Keywords – the words that a prospective client enters into search engines like Google when looking for something online – should be an integral part of your SEO (search engine optimization) strategy for online success. Understanding keywords and SEO strategy is vital if your goal is to achieve a high organic ranking in the search engines, and frankly, if you’re working online, then those high organic search rankings are your bread and butter.
How do you find which keywords are being used? The use of a good keyword research tool is essential. There are a number of paid keyword research tools available, but perhaps the most relied upon (and free) tool is Google’s keyword tool (www.adwords.google.com).
Once you have a keyword research tool at your disposal, simply type the word or phrase that you’re interested in learning more about. Keyword research will tell you how many searches are performed on that word or phrase on a daily, monthly, local or global level. Research can tell you which terms are most searched upon for your particular topic or whether there are phrases (long tail keywords) that are more frequently searched.
Armed with this information, your goal is to include these terms in the copy on your site. Be forewarned, however: It is imperative that the terms that you are adding to your site – the terms you want to rank for – are relevant to the material on the site.
In the not-too-distant past, keyword stuffing (loading keywords into your copy or onto your site indiscriminately) was a common practice designed to dupe the search engines into ranking a site highly. The thinking was that the greater the keyword saturation for a particular term, the more relevant the search engine “spiders” would believe your site to be, the higher your organic ranking. Keyword stuffing was one of a number of “black hat” marketing methods touted as an SEO miracle.
The search engines, however, caught on to this tactic and they changed the algorhythms that they use to determine whether a site is content-rich and relevant. Keyword stuffing today can cause your site to be de-indexed (or not show up at all) in the search engines. Smart SEO strategists use “white hat” marketing methods: clean, straight-forward marketing methods that include no subterfuge and that recognize that content is king.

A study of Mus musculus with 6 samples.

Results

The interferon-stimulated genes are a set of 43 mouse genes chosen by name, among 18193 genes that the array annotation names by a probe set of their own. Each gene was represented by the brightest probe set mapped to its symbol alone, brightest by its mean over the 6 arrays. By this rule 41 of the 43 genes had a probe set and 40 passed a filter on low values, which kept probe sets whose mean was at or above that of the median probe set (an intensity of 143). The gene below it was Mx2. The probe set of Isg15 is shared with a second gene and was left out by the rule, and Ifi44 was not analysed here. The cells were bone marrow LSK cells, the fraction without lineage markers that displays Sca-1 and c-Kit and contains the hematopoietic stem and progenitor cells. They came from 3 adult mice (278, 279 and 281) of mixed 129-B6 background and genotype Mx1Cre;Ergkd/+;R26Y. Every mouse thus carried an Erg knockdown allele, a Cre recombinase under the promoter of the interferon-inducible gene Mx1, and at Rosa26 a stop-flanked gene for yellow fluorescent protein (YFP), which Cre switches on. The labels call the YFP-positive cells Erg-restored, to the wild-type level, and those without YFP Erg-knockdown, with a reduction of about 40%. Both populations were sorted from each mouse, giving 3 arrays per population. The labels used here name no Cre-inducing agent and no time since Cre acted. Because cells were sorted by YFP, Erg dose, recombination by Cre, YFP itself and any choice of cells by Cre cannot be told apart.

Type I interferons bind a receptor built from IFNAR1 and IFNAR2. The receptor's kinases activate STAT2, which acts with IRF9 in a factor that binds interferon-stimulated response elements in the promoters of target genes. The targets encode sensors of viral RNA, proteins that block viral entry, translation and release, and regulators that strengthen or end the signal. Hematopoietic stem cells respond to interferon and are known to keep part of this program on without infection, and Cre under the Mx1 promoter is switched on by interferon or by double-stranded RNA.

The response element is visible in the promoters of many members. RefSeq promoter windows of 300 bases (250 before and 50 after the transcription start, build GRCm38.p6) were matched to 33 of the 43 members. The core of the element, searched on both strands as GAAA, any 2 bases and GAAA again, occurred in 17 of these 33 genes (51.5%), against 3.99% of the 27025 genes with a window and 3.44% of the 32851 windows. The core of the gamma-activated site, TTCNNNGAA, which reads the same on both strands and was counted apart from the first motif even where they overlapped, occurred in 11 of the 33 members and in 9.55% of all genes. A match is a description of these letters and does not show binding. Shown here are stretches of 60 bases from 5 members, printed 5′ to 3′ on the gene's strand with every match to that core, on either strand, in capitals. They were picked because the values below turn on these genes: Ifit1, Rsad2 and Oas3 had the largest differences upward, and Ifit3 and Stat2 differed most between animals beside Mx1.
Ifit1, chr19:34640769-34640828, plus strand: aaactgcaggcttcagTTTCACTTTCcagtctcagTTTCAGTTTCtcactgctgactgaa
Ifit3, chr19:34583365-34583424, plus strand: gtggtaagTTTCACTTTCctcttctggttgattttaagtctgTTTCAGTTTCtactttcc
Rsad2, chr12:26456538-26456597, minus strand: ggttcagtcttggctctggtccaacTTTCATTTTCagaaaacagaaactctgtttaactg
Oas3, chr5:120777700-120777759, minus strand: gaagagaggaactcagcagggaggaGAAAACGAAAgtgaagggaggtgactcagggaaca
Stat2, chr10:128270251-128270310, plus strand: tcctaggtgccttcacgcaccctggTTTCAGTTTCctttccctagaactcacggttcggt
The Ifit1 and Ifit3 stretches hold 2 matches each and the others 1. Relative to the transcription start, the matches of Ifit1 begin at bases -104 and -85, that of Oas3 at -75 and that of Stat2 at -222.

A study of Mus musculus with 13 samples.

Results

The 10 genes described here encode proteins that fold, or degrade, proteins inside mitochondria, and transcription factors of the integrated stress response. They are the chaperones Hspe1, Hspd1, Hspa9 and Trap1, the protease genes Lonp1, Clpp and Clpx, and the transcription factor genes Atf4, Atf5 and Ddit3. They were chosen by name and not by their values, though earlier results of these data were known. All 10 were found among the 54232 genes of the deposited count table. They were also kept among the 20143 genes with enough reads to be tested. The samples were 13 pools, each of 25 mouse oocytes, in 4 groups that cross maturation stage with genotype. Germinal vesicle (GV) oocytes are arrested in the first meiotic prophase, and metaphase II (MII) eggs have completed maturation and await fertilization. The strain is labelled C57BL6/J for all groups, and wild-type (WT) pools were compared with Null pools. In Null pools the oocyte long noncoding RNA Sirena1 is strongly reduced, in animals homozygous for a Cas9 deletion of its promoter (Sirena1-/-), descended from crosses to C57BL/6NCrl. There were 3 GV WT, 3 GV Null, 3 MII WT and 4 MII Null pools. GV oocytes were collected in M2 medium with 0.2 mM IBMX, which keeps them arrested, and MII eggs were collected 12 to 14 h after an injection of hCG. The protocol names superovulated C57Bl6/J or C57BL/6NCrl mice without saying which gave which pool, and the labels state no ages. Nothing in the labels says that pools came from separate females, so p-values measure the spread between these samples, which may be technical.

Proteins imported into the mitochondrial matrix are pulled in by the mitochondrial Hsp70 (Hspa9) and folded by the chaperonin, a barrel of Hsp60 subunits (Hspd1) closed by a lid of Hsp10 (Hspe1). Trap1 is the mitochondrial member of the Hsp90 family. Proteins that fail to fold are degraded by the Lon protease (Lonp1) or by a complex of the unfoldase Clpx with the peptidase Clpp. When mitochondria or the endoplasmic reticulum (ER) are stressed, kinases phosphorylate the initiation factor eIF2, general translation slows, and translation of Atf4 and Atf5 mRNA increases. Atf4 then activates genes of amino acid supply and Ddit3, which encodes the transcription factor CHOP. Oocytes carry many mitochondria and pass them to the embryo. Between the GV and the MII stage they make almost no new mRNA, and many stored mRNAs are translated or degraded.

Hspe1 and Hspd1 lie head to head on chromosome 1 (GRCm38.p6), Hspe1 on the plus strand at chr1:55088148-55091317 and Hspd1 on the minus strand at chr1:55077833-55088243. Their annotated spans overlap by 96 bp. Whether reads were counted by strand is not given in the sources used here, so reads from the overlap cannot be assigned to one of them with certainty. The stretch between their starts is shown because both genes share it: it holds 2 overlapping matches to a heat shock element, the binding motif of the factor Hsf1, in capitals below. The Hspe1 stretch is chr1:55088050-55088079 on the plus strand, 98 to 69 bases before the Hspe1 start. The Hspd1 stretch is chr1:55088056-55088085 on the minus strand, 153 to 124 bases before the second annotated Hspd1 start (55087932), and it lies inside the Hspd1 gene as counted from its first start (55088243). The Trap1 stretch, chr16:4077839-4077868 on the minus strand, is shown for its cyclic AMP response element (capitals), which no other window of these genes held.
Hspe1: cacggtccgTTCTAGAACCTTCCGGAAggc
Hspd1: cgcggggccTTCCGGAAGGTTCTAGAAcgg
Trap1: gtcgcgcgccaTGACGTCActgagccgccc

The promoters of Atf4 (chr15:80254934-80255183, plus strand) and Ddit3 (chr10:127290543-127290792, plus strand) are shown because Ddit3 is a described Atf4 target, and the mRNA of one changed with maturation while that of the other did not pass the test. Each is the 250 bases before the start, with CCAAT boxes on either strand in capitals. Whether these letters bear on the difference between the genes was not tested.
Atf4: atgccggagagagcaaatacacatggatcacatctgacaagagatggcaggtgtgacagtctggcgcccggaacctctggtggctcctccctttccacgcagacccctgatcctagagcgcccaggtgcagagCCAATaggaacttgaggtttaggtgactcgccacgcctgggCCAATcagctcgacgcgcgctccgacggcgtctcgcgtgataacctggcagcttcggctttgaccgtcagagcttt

So, how can you use keywords and SEO strategy to improve your site’s organic ranking in the search engines? For starters, make sure that your site provides relevant content, regardless of the type of site that you’re building. If you’re building sites like Squidoo Lenses or Hub Pages, make sure that you have a relevant keyword in the URL that you register, as well as in the titles, subtitles and content that you write for your site. If you’re given space for tags on these sites, include your relevant keywords there, too.
If you’re writing a blog post, you want your targeted keywords to show up in the URL as well, which means you want your keyword(s) in your post title. You may have to check, however, to ensure that your blog template recognizes this SEO strategy and incorporates your post title into the URL.
For example, some blog templates default to a numbered post URL like this: http://www.yourblog.com/?p=345. If that’s the case, you’ll wnat to go in under “settings” and then “permalinks” to set your preference. You want your post URL to appear with the title of the post included, for this is where your keyword will be found: http://www.youblog.com/targeted-keyword-blog-post-title.
For best results, you’ll also want to include your keyword(s) throughout your content, but particularly in the first sentence of the first paragraph of your post. In this way, you’ll ensure that your keyword appears in the meta description (the snippet of text included in the search results); the keyword(s) will appear in bold if your prospective client has used this exact keyword(s) in their search.
There is some disagreement on what the ideal keyword density should be when evaluating keywords and SEO strategy; the general consensus falls between 2% and 10%. This is easily accomplished with focus and an attention to detail.
What no one disputes, however, is the importance content plays. So, as you’re writing your copy and peppering it with your targeted keyword(s), be sure that you’re writing relevant content that is not so full of your keyword(s) that the writing feels forced. Ultimately, you’re writing for your reader and forced or unnatural copy, regardless of relevance, will turn your reader away. That’s an SEO strategy best avoided at all cost!